Saturday, August 13, 2011

The Mom-Judging Olympics: A competition nobody meant to enter

The Mom-Judging Olympics: A competition nobody meant to enter

What do moms judge each other for?

Courtesy of Sara Keeler

Sara Keeler, with her sons Gabriel and Joseph, calls motherhood 'a competition nobody meant to enter.'

The real question is, what don’t we judge each other for?

Nearly 90 percent of us judge other moms, for everything from breast-feeding habits to bratty kids, our TODAY Moms/ survey of 26,000 moms found.

As one mom told us, motherhood is “a competition nobody meant to enter.”

Didn’t try to breast-feed? One in 5 moms will judge you for that. But if you breast-feed for “too long” – say, nursing a 3-year-old -- you get judged too, by 43 percent of moms.

Other ways to get mommy-judged: Have a bratty kid (66 percent of moms will judge you harshly); have an overweight child (37 percent); let your child have too much TV/video game screen time (32 percent); feed your kid junky food (34 percent).

In the Mom Judging Olympics, nobody wins.

Most moms try to shrug off the judgment, but it can really get to you. Lawna Hurl, mom of two daughters in Alberta, Canada, says she went back to work after six months in part because she couldn’t take the constant, unspoken competition.

“I didn’t like being around other moms ‘cause I often felt inferior,” she explained. “It saddens me that among moms there is so much judgment – no matter what you do it seems someone is judging.”

(Of course, now she might get judged for “working too much” – one in five says this is a mommy no-no.)

Parenting expert Wendy Mogel, author of “The Blessings of a Skinned Knee,” says part of what’s fueling the mom judge-a-thon is what psychologists call “displacement.” The world is a scary place, and we can’t control things like the economy free-falling. But we can control our choices as a parent – so we attach way too much significance to them.

Rachel Fishman Feddersen of and NBC News chief medical editor Dr. Nancy Snyderman talk about the lengths some moms will go to get a break from their children, some of which are surprisingly extreme.

“Mothers are judging themselves and judging others to make themselves feel a little better,” Mogel said. “We’re all trying to look good, and we want our kids to look good and impress others.”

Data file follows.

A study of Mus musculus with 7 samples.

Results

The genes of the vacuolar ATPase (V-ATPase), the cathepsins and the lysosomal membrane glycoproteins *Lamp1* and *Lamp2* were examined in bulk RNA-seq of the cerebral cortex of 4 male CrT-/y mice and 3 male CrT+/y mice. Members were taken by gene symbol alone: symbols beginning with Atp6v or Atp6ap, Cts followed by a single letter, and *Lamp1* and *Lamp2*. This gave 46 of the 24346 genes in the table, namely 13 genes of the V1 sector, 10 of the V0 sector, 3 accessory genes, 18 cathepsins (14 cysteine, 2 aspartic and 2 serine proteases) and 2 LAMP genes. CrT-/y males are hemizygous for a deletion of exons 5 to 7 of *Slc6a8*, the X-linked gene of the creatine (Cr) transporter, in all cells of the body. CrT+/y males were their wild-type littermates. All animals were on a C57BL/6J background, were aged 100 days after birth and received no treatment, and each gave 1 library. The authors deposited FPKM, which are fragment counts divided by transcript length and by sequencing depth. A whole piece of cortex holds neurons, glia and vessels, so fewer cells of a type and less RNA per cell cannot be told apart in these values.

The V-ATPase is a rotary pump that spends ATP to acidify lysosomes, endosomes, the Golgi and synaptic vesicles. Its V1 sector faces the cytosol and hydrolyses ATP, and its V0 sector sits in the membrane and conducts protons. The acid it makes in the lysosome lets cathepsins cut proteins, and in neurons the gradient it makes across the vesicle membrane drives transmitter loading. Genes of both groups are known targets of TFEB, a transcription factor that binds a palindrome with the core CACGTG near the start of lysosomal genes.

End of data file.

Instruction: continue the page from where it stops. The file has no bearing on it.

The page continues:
Lacey Davis, a mom in West Virginia, says she hates to admit how judgmental she is. “When I go to other moms’ homes I do the quick once-over and pick apart things and almost go down this checklist I carry in my head. Dishes in sink, floors not swept, no sweeper lines in carpet,” she told “I HATE this about myself because I know if I am doing it, then so is everyone else that comes to MY house!”

But the harshest critic usually lies within. Sara Keeler, a mother of two boys in Gillette, Wyo., describes motherhood as “a competition nobody meant to enter.”

Courtesy of Lawna Hurl

Lawna Hurl's two daughters.

She plays along, sometimes – when company is coming, she’ll race through the house and shove all the clutter into closets, so people think she’s an OK housekeeper. The pressure to be the perfect mom feels heavy, she says.

“We all want to be the best at what we do,” Keeler says. “We conLinksciously and unconsciously compare ourselves, and our children, to every other mother and child we come in contact with.”

Brigette Dineen, a mom of two from the Cleveland, Ohio, area, bemoans the “Eye of Judgment” that seems to follow moms everywhere. She chalks up the pressure on moms today in part to information overload: We have so many resources, from prenatal yoga classes to umpteen child-rearing books to educational videos and BPA warnings, that we expect perfection from ourselves and our families.

“So why are our kids still sometimes brats?” she wonders. “Newsflash – they’re kids and that’s what they do.”

I will readily admit I am a judger. I try not to, but I am human. Therefore I judge.

I don't judge a mom for not breastfeeding or breastfeeding for "too long". I didn't try that hard with Dianna, and made it more than a year with Genevieve.

I do judge a little for bratty kids. I understand that kids will have behavior issues at various times in their lives and that you can only do so much before it borderlines abuse.

I do not judge co-sleepers, because I KNOW how much easier it makes getting sleep when you have a young child.

I do judge people with overweight kids, because I think that most of the time it goes hand in hand with feeding your kids junk food and not making sure they get enough exercise. Take into account my stepdaughter Hailyn. She is overweight. She is definitely a hefty girl. She prefers to eat junky food, and turns her nose up at alot of food that Mike and I fix her to eat. I truly worry that when she starts school very soon, that she will be made fun of for her size and her quirks. She is rather spoiled, and it kind of hurts me that we can only do so much about it at our house and then she goes home to something totally different. Sad thing is, she is pretty much the same size (shirt and shorts) as her almost 8 year old half-sister and she won't be 5 until Sunday.

I am constantly working on becoming a better person and parent, but as most people know, it is a very slow journey.